Nigeria holds state funeral for those killed by gunmen at a church service on June 5 as victims call for accountability.
Nigeria held a state funeral for dozens of worshippers killed by gunmen at a church service earlier this month as authorities were pressed to take swift action to avoid future massacres.
Mourners paid their respects on Friday to 22 victims killed at the St Francis Catholic Church in southwestern Ondo state on June 5. Family members earlier held funerals for the other 18 victims.
The sight of their coffins, dotted with flowers and lined in front of a large crowd, drew anger and tears from church members, locals, officials and many Nigerians who followed the service on social media.
One of the coffins had a pair of policeman’s boots placed on top for the officer who was killed.
“We have failed to defend these people – not because we are not trying but because the forces on the other side are evil and they have support,” said Ondo State Governor Rotimi Akeredolu.
Survivors said the attackers bombarded the church-goers with bullets during a 30-minute-long attack. Five children were among the dead.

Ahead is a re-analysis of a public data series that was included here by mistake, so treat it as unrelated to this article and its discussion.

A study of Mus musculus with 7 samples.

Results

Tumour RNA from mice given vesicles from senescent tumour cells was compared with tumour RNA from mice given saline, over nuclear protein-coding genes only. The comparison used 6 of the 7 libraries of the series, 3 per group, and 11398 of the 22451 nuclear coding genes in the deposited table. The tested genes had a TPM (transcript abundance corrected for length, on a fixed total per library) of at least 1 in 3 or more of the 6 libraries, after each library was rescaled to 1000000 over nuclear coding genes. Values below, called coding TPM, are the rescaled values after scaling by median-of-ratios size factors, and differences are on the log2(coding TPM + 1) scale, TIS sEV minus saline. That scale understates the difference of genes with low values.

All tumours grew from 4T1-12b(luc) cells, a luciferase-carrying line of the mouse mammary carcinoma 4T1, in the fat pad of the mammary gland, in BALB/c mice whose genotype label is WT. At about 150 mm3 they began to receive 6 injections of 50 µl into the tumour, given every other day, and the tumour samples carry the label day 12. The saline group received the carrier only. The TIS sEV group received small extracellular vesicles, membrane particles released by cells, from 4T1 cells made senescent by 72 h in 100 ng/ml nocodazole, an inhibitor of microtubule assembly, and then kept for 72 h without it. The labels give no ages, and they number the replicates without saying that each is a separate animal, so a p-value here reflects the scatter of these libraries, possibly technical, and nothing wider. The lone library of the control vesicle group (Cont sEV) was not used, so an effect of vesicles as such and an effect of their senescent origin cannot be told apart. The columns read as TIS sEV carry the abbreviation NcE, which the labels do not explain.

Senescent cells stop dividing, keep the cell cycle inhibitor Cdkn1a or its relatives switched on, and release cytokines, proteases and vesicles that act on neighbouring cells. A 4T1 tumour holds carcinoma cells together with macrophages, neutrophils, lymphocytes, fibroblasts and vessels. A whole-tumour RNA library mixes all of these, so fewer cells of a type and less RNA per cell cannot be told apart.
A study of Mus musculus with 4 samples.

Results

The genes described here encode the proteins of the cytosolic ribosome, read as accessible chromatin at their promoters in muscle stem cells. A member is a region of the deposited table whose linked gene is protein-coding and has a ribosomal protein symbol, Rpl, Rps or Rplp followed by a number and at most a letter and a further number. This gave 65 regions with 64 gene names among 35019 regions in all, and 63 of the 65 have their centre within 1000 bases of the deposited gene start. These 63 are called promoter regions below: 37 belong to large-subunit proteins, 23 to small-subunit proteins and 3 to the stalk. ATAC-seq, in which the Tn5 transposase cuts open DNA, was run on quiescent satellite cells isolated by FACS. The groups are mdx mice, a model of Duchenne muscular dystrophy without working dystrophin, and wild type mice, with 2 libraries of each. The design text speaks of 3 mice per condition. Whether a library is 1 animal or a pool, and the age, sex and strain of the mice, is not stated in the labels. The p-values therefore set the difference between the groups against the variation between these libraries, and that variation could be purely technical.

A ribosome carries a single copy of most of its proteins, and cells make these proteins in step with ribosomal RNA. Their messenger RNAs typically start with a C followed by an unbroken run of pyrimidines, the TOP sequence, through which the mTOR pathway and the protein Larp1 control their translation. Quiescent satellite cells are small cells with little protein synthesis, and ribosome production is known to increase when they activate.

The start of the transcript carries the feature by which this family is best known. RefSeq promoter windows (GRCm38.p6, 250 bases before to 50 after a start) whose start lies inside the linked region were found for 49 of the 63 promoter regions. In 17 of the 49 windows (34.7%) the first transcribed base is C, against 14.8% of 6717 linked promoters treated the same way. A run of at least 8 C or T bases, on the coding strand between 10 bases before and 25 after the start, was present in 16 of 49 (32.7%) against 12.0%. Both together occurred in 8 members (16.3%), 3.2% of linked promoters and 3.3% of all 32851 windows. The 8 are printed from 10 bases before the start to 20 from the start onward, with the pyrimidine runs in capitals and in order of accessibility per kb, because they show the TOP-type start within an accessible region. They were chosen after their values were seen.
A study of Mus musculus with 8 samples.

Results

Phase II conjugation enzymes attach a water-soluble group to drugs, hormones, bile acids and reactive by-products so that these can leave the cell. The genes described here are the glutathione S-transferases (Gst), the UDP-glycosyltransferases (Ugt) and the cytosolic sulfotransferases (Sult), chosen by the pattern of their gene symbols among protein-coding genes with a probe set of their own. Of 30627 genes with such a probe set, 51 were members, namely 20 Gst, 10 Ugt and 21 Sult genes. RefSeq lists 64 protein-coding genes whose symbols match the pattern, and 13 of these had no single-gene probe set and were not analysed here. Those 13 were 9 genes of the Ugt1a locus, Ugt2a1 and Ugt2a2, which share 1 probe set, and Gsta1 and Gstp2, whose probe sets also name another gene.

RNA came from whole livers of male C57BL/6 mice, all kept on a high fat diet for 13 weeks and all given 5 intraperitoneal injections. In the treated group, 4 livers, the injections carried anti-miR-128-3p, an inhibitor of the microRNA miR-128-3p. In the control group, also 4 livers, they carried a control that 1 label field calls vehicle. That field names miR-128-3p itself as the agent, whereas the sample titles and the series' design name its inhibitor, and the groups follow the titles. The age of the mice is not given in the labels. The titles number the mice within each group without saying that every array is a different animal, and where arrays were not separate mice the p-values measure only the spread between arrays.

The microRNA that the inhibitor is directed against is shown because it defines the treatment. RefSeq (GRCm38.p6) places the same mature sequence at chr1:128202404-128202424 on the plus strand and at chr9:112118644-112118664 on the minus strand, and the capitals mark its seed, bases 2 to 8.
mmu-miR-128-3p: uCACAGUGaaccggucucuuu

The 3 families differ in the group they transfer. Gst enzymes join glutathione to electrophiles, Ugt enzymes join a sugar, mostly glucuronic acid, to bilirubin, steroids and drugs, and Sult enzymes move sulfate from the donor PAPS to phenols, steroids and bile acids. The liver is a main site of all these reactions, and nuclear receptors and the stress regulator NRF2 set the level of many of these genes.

No one has claimed responsibility for the church killings and authorities have yet to announce any arrests in connection with the attack.
Last week, the Nigerian security council said it suspected the attackers had links to Islamic State West Africa Province, an offshoot of the Boko Haram armed group which has waged a decade-long rebellion in Nigeria’s northeast.
Bishop Jude Arogundade of the Ondo Catholic Diocese accused Nigerian authorities of making “all these empty promises” to find the killers.
“This country, you don’t have shame any more. You just talk, you don’t match your talk with words,” the bishop said, urging attendees at the funeral to “claim this country back from those destroying it”.
The incident drew international condemnation, including from Pope Francis, and was a rare attack in the country’s usually safer southwest region.
The church attack also reignited calls for policing and security reforms in Nigeria, where armed violence has killed thousands during the past year. The country has also faced attacks by armed groups, as well as bandits and those who kidnap for ransom.
Bishop Emmanuel Adetoyese Badejo of the Oyo Catholic Diocese said the attack is not isolated as similar violence is “happening all over” Africa’s most populous nation.
“We call on President [Muhammadu] Buhari and our leaders in the federal and state governments to wake up, sit up, and secure lives and properties all over Nigeria,” the cleric said during the homily.
“How many more must die? Does life really have any value any more with you? Is the glaring weakness and helplessness of our security agencies ill or deliberate?” Badejo added.